Gold Miners’ Q3’17 Fundamentals

The gold miners’ stocks have spent months adrift, cast off in the long shadow of the Trumphoria stock-market rally. This vexing consolidation has left a wasteland of popular bearishness. But once a quarter earnings season arrives, bright fundamental sunlight dispelling the obscuring sentiment fogs. The major gold miners’ just-reported Q3’17 results prove this sector remains strong fundamentally, and super-undervalued.

Four times a year publicly-traded companies release treasure troves of valuable information in the form of quarterly reports. Companies trading in the States are required to file 10-Qs with the US Securities and Exchange Commission by 45 calendar days after quarter-ends. Canadian companies have similar requirements. In other countries with half-year reporting, many companies still partially report quarterly.

The world’s major gold miners just wrapped up their third-quarter earnings season. After spending decades intensely studying and actively trading this contrarian sector, there’s no gold-stock data I look forward to more than the miners’ quarterly financial and operational reports. They offer a true and clear snapshot of what’s really going on, shattering the misconceptions bred by ever-shifting winds of sentiment.

The definitive list of major gold-mining stocks to analyze comes from the world’s most-popular gold-stock investment vehicle, the GDX VanEck Vectors Gold Miners ETF.  Its composition and performance are similar to the benchmark HUI gold-stock index. GDX utterly dominates this sector, with no meaningful competition. This week GDX’s net assets are 23.2x larger than the next-biggest 1x-long major-gold-miners ETF!

Being included in GDX is the gold standard for gold miners, requiring deep analysis and vetting by elite analysts. And due to ETF investing eclipsing individual-stock investing, major-ETF inclusion is one of the most important considerations for picking great gold stocks. As the vast pools of fund capital flow into leading ETFs, these ETFs, in turn, buy shares in their underlying companies bidding their stock prices higher.

This week GDX included a whopping 51 component “Gold Miners”. That term is used somewhat loosely, as this ETF also contains major silver miners, silver streamers, and gold royalty companies. Still, all the world’s major gold miners are GDX components. Due to time constraints, I limited my deep individual-company research to this ETF’s top 34 components, an arbitrary number that fits neatly into the tables below.

Collectively GDX’s 34 largest components now account for 91.9% of its total weighting, a commanding sample. GDX’s components include major foreign gold miners trading in Australia, the UK, and South Africa. These companies report in half-year increments instead of quarterly, so their Q3 data is limited.  They usually publish quarterly production results, but generally, don’t disclose quarterly financial results.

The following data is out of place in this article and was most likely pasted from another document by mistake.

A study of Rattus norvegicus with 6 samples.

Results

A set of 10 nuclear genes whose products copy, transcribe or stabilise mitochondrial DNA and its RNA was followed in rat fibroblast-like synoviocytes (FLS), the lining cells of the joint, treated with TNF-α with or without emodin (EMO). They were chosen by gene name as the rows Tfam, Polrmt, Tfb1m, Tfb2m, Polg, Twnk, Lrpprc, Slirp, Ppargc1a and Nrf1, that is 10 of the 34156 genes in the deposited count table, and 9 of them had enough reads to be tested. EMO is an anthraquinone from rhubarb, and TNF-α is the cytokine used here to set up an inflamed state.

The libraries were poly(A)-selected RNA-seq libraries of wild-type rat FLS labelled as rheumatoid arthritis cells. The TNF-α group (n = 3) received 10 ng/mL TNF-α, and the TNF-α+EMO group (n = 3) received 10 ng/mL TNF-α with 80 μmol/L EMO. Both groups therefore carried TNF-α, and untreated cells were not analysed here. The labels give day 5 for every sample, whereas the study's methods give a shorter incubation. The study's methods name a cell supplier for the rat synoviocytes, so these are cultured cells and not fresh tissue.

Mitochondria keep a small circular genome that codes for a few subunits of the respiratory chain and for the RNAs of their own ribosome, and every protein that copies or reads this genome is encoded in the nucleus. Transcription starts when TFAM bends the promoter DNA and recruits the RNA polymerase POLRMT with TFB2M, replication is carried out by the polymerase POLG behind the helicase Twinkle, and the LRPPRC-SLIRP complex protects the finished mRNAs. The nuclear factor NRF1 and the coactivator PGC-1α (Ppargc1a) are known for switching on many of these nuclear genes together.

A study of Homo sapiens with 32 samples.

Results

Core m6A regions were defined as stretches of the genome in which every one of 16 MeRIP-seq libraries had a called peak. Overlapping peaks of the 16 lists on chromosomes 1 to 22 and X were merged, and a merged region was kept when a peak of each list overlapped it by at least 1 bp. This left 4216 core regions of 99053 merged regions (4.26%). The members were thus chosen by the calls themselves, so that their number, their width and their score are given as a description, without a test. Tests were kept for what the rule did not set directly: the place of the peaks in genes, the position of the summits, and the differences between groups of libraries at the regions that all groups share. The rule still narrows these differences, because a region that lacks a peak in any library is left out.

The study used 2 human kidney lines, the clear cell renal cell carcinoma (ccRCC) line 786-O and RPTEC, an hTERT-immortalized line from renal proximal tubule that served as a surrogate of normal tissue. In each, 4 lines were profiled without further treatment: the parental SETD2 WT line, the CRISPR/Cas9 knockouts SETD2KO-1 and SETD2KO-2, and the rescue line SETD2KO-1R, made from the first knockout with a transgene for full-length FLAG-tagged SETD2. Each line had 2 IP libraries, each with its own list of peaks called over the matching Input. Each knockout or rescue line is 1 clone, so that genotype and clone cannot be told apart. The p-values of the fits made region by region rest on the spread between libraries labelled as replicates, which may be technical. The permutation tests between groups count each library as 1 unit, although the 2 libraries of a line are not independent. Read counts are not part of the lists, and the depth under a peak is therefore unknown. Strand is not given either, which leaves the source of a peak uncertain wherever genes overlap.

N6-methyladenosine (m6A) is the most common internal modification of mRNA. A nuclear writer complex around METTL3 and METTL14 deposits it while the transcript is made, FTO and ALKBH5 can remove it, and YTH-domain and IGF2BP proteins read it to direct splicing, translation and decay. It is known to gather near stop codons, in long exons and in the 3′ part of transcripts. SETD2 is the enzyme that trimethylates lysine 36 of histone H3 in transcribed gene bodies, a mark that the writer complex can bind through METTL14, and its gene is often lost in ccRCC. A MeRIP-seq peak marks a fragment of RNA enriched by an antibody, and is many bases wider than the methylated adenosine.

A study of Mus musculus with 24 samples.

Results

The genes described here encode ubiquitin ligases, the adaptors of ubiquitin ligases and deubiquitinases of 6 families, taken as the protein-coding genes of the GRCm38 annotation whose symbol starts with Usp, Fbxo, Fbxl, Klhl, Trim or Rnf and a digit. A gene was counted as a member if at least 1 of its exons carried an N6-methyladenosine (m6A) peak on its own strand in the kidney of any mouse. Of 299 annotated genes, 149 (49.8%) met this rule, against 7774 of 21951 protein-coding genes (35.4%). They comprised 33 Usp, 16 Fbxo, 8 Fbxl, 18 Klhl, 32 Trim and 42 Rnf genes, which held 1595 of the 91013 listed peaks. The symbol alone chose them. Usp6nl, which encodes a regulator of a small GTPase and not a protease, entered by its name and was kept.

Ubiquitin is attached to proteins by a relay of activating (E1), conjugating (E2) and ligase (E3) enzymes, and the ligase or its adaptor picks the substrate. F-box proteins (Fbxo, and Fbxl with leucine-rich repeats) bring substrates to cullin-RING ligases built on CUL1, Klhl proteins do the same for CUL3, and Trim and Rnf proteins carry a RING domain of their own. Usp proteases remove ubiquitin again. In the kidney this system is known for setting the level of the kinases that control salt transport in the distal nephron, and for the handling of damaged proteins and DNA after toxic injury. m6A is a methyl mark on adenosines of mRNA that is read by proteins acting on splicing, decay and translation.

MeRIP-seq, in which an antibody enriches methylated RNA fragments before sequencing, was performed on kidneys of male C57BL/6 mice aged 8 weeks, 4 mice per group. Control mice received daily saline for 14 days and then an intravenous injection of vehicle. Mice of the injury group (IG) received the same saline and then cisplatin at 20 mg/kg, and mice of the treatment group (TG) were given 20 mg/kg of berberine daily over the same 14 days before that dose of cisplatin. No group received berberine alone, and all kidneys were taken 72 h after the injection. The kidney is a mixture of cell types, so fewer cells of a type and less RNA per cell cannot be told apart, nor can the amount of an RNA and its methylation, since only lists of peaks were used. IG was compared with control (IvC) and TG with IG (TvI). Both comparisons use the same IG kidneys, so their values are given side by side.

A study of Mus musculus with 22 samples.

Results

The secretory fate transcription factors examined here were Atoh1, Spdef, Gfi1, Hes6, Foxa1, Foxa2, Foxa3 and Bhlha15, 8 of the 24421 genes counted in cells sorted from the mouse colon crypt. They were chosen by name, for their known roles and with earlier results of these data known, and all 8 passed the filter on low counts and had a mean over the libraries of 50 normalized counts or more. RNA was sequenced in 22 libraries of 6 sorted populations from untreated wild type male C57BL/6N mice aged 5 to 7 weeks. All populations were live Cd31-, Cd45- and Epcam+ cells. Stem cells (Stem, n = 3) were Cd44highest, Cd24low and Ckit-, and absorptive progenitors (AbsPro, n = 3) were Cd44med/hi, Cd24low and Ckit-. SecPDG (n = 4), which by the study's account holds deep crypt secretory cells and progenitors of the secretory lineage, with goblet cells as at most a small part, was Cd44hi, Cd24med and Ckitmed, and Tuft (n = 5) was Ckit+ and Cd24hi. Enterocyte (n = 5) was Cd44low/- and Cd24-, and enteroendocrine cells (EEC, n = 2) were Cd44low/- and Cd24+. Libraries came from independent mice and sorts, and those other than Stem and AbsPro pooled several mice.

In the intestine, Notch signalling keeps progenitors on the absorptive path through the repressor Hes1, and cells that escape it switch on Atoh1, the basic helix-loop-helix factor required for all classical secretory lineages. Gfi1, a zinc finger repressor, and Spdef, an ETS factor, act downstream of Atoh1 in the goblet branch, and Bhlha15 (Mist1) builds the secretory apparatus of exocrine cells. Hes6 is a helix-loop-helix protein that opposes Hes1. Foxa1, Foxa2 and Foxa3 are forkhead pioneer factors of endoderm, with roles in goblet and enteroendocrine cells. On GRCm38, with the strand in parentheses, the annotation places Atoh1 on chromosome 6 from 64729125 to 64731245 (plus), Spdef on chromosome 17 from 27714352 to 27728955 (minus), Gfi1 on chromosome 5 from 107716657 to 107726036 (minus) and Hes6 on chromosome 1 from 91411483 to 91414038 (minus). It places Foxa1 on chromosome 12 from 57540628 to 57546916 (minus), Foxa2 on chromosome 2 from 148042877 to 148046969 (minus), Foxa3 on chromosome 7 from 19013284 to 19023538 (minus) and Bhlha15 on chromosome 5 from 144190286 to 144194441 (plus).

The importance of these top-GDX-component gold miners can’t be overstated. In Q3 they collectively produced over 9.9m ounces of gold, or 309.4 metric tons. The World Gold Council’s recently-released Q3 Gold Demand Trends report, the definitive source on worldwide supply-and-demand fundamentals, pegged total global mine production at 841.0t in Q3. GDX’s top 34 miners alone accounted for nearly 4/10ths!

Every quarter I wade through a ton of data from these elite gold miners’ 10-Qs, and dump it into a big spreadsheet for analysis. The highlights made it into these tables. If a field is left blank, that means a company didn’t report that data for Q3’17 as of this Wednesday. Companies always try to present their quarterly results in the best possible light, which leads to wide variations in reporting styles and data offered.

In these tables, the first couple columns show each GDX component’s symbol and weighting within this ETF as of this week. While most of these gold stocks trade in the States, not all of them do. So if you can’t find one of these symbols, it’s a listing from a company’s primary foreign stock exchange.  That’s followed by each company’s Q3’17 gold production in ounces, which is mostly reported in pure-gold terms.

Most gold miners also produce byproduct metals like silver and copper. These are valuable, as they are sold to offset some of the considerable costs of gold mining. Some companies report their quarterly gold production including silver, a construct called gold-equivalent ounces. I only included GEOs if no pure-gold numbers were reported. That’s followed by production’s absolute year-over-year change from Q3’16.

Next comes the most-important fundamental data for gold miners, cash costs and all-in sustaining costs per ounce mined. The latter determines their profitability and hence ultimately stock prices. Those are also followed by YoY changes. Finally, the YoY changes in cash flows generated from operations, GAAP profits, revenues, and cash on balance sheets are listed. There’s one key exception to these YoY changes.

Percentage changes aren’t relevant or meaningful if data shifted from positive to negative or vice versa. Some major gold miners earning profits in Q3’16 suffered net losses in Q3’17. So in cases where data crossed that zero line, I included the raw numbers instead. This whole dataset offers a fantastic high-level fundamental read on how the major gold miners are faring today. They’re actually doing quite well!


Travis Esquivel is an engineer, passionate soccer player and full-time dad. He enjoys writing about innovation and technology from time to time.